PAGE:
Corporate Brainstorming Is a Bad Idea for Creativity
When your organization is stuck in a rut, does it turn to group brainstorming sessions? According to new research, pitching ideas in a group environment may not be the best course of action.
Researchers at Texas A&M have discovered that group brainstorming sessions can lead to fixation on only one idea or thought. Discussing ideas publicly can block out other ideas and possibilities and eventually lead to a conformity of thoughts. Lead researcher Nicholas Kohn explains, “Fixation to other people’s ideas can occur unconsciously and lead to you suggesting ideas that mimic your brainstorming partners. Thus, you potentially become less creative.”
Research was conducted with groups of two, three, and four subjects. This study and other studies have also revealed that taking a break is important to the creative thinking process. Breaks can remove the natural decline in quantity and the variety of ideas, and encourage problem solving.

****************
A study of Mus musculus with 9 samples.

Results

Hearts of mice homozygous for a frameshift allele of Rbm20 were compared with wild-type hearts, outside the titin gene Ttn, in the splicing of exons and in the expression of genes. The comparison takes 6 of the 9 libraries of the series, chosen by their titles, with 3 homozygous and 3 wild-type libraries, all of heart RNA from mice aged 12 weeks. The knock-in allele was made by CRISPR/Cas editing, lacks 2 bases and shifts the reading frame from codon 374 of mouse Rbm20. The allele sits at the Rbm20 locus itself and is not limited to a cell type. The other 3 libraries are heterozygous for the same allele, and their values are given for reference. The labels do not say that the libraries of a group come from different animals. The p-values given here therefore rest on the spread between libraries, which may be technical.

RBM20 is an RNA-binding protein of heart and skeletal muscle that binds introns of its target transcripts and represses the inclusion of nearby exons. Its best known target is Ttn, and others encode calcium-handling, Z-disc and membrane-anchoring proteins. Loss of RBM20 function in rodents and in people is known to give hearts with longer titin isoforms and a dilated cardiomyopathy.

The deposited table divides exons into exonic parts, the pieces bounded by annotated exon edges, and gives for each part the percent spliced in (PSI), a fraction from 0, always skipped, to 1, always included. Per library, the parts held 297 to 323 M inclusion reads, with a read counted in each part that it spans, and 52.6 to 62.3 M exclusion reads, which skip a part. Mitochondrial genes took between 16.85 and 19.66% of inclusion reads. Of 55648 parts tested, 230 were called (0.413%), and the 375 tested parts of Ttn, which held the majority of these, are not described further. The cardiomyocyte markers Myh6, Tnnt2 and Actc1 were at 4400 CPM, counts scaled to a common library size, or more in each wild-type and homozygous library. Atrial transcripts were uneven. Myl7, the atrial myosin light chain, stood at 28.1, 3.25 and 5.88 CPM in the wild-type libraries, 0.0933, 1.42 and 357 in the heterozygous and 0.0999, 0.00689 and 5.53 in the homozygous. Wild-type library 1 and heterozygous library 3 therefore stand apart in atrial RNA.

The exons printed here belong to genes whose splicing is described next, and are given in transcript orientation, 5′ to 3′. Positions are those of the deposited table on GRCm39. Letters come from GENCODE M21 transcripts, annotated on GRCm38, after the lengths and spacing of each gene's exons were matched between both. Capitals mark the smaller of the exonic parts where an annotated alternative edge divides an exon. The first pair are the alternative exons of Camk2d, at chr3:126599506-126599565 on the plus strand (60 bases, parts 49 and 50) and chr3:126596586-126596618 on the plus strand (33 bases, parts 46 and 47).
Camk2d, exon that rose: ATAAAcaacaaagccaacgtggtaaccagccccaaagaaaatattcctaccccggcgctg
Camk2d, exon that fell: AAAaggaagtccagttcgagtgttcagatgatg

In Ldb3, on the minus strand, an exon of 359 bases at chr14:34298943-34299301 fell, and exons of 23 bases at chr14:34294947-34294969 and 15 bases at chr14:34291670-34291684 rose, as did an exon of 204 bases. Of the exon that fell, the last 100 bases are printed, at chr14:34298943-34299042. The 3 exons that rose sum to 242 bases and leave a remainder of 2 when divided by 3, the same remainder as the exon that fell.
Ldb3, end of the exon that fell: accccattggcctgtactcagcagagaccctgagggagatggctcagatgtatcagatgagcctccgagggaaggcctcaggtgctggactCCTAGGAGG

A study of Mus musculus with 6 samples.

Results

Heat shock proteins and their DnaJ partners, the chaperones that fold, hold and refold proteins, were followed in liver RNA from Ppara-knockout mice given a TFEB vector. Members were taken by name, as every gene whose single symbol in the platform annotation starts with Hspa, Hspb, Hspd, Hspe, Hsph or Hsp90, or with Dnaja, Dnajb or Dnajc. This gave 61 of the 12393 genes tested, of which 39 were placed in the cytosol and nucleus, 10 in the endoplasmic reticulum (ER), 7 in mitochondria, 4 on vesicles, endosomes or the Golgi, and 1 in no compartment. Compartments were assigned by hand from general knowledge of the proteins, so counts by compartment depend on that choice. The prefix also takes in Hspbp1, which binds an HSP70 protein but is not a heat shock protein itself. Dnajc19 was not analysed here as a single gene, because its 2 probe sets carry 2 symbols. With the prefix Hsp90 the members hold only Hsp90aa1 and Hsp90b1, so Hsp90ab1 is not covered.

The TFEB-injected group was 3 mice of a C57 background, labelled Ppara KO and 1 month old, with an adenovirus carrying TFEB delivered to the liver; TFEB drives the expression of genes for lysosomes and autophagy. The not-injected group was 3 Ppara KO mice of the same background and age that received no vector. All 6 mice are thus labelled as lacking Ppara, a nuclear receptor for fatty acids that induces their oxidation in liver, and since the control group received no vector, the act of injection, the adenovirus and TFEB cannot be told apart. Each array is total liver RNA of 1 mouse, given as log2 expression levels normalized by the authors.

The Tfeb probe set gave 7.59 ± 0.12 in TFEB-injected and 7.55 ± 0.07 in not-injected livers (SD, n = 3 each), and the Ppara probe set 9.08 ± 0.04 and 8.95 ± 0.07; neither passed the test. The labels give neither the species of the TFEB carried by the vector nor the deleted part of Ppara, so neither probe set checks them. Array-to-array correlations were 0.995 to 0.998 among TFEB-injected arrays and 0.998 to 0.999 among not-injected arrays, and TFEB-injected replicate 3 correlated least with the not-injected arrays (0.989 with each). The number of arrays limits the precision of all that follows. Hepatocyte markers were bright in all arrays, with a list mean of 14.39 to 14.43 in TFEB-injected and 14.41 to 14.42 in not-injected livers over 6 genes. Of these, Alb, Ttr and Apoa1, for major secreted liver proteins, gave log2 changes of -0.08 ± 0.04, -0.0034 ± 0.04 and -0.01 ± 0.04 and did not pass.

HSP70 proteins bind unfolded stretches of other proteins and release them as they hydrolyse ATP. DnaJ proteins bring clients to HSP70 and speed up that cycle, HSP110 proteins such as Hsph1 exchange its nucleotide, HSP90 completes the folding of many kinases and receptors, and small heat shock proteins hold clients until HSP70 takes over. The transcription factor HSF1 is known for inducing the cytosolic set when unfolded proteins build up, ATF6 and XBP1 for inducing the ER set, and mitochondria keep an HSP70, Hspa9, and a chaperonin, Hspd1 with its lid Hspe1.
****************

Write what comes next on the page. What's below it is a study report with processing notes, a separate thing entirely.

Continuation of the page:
This study has shown that group creativity could be an overestimated approach to generating ideas. Individual brainstorming exercises, such as written activities, may be more effective. Participants of group brainstorming sessions should be aware of this fixation phenomenon if ideas are to be shared openly. All members should take active measures to prevent thought conformity. This will result in discussions that are more vibrant and fresh, with a wider range of possible solutions.
This story is adapted from a study scheduled for publication in the April issue of Applied Cognitive Psychology.